History

Damascus has one of the richest and most varied histories of any city in the world. As well as being one of the oldest — if not the oldest — continuously inhabited places, with archaeological evidence suggesting human settlement as early as 9000 BC, the City of Jasmine has changed hands numerous times in its long history.

Famous figures like Ramses II, Alexander the Great, Caesar Augustus and Heraclius had all left their mark on Damascus long before it became the capital of Islamic Syria under Muawiya I and the Umayyad Caliphate. Even today, the old town is filled with the distinctive rectangular streets of the Roman era, nestled together with the sweeping arches and domes of the later Islamic Arab period.

What to do in Damascus

There are countless sightseeing opportunities in Damascus. You can visit the Umayyad Mosque, the fourth holiest place in Islam, and the Mausoleum of Saladin, built in 1154 AD to honour the legendary warrior-sultan who defeated the Crusaders in battle and eventually drove them from Jerusalem.

Damascus’ Umayyad Mosque

Damascus’ Umayyad Mosque, photo: Elisabetta Frega

The House of Saint Ananias — also called Chapel of Saint Ananias — is an ancient underground structure alleged to be the remains of the home of Ananias of Damascus, where Ananias baptized Saul who became Paul the Apostle, whilst the Tekkiye Mosque, located on the banks of the Barada River, has been described as the finest example of Ottoman architecture in Damascus.

Robert McKelvey

Robert is a British-born culture writer and storyteller. A graduate from the University of Aberdeen with a dual MA in English Literature and Philosophy, he has travelled extensively in both Europe and the Middle East, and written on a wide variety of subjects, including the arts, comedy, food and even politics. Currently based in Lebanon, he likes to spend his spare time either exploring his new home, drinking tea or working on his first novel.

Another famous landmark is the Citadel of Damascus, a medieval palace first fortified by the Turkman warlord Atsiz bin Uvak in 1076. There is also Azm Palace, which was built in 1749. This grand building served as the private residence of As’ad Pasha al-Azm, then governor of Damascus, and during the French Mandate as the venue for the French Institute, before entering its current role housing the Museum of Arts and Popular Traditions.

Meanwhile, the National Museum of Damascus highlights Syrian history, displaying important artifacts, relics and other major finds, most notably from Mari, Ebla and Ugarit — three of Syria’s most important ancient archaeological sites. Established in 1919, it is the oldest cultural heritage institution in Syria. After closing its doors in 2012 and hiding artifacts in secret locations to safeguard Syria’s cultural heritage, the museum reopened four of its five wings in 2018.

Arts and culture

You can also visit some of Damascus’s art galleries to catch a glimpse of Syria’s vibrant modern art scene, soak up a little literary culture exploring the home of illustrious writers such as Salim Barakat, Adunis and Khaled Khalifa, or relax in a local cafe whilst watching the bustling streets. You can wander around the Souq Al-Hamidiyya marketplace and admire traditional handicrafts and local foods.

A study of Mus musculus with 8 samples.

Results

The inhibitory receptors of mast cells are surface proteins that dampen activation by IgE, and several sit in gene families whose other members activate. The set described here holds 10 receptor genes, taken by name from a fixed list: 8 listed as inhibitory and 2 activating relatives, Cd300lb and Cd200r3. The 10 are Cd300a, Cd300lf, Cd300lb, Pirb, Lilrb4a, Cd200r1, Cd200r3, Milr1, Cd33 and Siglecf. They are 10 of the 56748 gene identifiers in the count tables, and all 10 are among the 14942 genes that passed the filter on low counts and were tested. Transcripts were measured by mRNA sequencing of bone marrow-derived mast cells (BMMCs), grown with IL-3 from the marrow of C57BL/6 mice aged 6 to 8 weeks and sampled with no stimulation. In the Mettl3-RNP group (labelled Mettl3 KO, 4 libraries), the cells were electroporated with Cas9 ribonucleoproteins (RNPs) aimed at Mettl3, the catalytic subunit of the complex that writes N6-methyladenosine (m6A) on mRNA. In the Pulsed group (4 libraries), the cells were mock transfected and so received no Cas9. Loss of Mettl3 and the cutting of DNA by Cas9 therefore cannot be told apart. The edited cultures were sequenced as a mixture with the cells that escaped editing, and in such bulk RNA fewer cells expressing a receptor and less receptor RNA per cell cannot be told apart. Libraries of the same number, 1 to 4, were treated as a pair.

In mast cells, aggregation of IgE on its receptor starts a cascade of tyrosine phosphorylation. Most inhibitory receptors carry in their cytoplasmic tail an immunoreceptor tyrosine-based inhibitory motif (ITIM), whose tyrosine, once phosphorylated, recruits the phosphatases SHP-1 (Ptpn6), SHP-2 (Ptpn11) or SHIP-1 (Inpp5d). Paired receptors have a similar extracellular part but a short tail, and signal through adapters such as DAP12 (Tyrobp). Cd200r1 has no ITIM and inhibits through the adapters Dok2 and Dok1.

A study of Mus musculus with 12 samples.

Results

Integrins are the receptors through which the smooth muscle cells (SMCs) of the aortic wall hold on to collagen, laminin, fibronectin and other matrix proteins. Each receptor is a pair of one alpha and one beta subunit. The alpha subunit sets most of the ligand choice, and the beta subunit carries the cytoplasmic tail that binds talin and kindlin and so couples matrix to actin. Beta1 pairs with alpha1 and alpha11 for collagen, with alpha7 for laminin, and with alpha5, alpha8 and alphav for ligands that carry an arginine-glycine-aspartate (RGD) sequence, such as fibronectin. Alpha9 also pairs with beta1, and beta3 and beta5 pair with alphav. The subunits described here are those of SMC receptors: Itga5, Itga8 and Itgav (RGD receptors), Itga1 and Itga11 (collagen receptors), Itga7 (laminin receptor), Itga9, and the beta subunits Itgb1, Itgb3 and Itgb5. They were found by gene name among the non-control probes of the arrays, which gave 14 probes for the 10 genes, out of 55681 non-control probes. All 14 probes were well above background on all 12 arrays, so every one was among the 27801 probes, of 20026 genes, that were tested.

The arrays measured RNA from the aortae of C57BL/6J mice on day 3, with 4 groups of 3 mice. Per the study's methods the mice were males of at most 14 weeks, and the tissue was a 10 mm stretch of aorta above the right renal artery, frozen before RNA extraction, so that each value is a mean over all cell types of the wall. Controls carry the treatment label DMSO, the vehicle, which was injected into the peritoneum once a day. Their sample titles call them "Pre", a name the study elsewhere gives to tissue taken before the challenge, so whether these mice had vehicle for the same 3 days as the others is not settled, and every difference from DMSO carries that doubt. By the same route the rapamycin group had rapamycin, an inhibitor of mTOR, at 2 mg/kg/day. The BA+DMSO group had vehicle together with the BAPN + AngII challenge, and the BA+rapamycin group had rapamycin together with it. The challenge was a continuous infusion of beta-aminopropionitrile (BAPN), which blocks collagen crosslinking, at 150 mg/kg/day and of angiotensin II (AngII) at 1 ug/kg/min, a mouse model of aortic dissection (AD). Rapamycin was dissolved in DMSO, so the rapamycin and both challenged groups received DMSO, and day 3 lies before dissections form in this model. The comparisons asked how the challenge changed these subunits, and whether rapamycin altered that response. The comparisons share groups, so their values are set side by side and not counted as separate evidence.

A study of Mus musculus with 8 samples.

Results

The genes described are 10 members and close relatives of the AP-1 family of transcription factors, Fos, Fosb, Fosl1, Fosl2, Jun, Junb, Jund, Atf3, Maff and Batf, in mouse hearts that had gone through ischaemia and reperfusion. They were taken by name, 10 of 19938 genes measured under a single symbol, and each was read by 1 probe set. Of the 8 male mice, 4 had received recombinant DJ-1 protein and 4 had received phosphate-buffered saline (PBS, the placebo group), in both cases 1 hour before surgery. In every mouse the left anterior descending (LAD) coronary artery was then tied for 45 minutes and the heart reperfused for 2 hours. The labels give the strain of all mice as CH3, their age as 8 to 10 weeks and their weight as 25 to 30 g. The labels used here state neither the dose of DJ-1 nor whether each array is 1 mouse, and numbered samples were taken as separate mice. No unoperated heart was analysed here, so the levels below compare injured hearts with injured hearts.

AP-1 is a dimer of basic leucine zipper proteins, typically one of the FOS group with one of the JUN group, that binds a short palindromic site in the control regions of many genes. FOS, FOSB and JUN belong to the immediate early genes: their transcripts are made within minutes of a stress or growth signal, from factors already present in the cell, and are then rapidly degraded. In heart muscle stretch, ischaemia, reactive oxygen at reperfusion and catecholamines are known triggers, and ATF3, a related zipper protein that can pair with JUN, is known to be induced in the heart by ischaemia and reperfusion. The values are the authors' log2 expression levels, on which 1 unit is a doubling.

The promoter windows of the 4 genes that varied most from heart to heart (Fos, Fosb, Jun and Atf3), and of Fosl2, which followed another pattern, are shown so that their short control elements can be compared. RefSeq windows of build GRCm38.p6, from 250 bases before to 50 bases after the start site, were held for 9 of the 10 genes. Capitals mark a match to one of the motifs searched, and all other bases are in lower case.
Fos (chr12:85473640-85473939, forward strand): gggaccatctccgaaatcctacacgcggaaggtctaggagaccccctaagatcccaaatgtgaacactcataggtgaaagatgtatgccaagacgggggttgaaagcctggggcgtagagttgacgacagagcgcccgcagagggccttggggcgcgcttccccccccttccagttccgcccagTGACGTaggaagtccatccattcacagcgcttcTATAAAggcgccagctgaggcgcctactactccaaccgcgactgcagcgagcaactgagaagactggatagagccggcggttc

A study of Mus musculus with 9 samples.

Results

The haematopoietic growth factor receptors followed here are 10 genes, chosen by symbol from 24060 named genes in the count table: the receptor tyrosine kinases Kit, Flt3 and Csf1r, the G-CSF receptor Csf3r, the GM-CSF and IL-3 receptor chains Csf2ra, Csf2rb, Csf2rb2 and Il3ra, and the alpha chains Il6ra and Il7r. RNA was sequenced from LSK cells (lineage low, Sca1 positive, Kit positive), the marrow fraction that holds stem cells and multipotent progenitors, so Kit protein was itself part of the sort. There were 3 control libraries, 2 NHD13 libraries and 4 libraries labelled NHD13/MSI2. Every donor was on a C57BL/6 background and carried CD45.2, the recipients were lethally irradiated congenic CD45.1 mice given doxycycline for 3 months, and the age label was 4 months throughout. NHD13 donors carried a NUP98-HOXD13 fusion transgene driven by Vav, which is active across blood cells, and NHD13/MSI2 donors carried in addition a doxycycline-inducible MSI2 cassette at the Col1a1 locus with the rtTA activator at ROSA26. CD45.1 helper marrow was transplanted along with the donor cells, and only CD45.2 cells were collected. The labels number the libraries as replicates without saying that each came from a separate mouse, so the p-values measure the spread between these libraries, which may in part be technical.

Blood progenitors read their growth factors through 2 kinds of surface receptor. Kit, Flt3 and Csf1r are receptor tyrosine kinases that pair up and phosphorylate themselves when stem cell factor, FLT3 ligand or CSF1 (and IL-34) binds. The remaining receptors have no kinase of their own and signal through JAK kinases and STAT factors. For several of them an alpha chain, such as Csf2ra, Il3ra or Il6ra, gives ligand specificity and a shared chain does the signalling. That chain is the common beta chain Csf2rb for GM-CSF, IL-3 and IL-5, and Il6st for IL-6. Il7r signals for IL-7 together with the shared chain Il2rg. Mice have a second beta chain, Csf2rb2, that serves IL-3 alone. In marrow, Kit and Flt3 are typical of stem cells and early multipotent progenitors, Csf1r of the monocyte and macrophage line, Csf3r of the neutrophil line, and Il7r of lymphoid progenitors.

Souq Al-Hamidiyya, Damascus

Souq Al-Hamidiyya

Syrian food

Syrians are very proud of their cuisine and are not generally big consumers of foreign foods. Most of the restaurants found in Damascus serve Syrian food, the staples of which are olives, zesty salads, grilled chicken, lamb and sweet, syrupy desserts like baklava. The ubiquitous shawarma is especially popular, as is the famous Bekdash ice cream.

Damascus is a fascinating place, one that should definitely be on your list if you’re looking for a unique adventure.

How to get there?

The easiest way to reach Damascus is by road from Beirut. L’Hôte Libanais offers taxi trips between Beirut and Damascus. Once you’ve arrived, you can travel throughout most of Damascus on foot, but there are also local buses and shared taxis if you don’t feel like walking.

Where to stay?

Accommodation is also readily available. L’Hôte Libanais’s selection includes Shahrayar the majestic guesthouses of Beit Al Mamlouka and Dar Al Mamlouka, the beautiful Beit Al Wali boutique hotel, as well as Shahrayar budget hotel, all of them located in the heart of in the heart of old Damascus

Safety

Despite the situation in wider Syria, which is much improved today, Damascus has remained largely safe and secure throughout the crisis in the region and is perfectly safe for international visitors. That being said, it is well worth investing in a guide as they will help you enjoy your visit to the fullest whilst also helping you stick to tourist areas and avoiding the few restricted zones.

Damascus is a fascinating place, one that should definitely be on your list if you’re looking for a unique adventure.

Essential tips

Feel free to get in touch with us if you have any questions.

Visa

Obtaining a visa is usually straightforward and L’Hôte Libanais can assist in this process.

Currency

Obtaining Syrian pounds before you arrive can be tricky. Euros or US dollars can be easily exchanged at reasonable rates in Damascus. Because of sanctions, ATMs and credit cards are blocked in Syria, so make sure bring enough cash for your stay.

Cover photo: Mohammad Ali Bazzi

Robert McKelvey

Robert is a British-born culture writer and storyteller. A graduate from the University of Aberdeen with a dual MA in English Literature and Philosophy, he has travelled extensively in both Europe and the Middle East, and written on a wide variety of subjects, including the arts, comedy, food and even politics. Currently based in Lebanon, he likes to spend his spare time either exploring his new home, drinking tea or working on his first novel.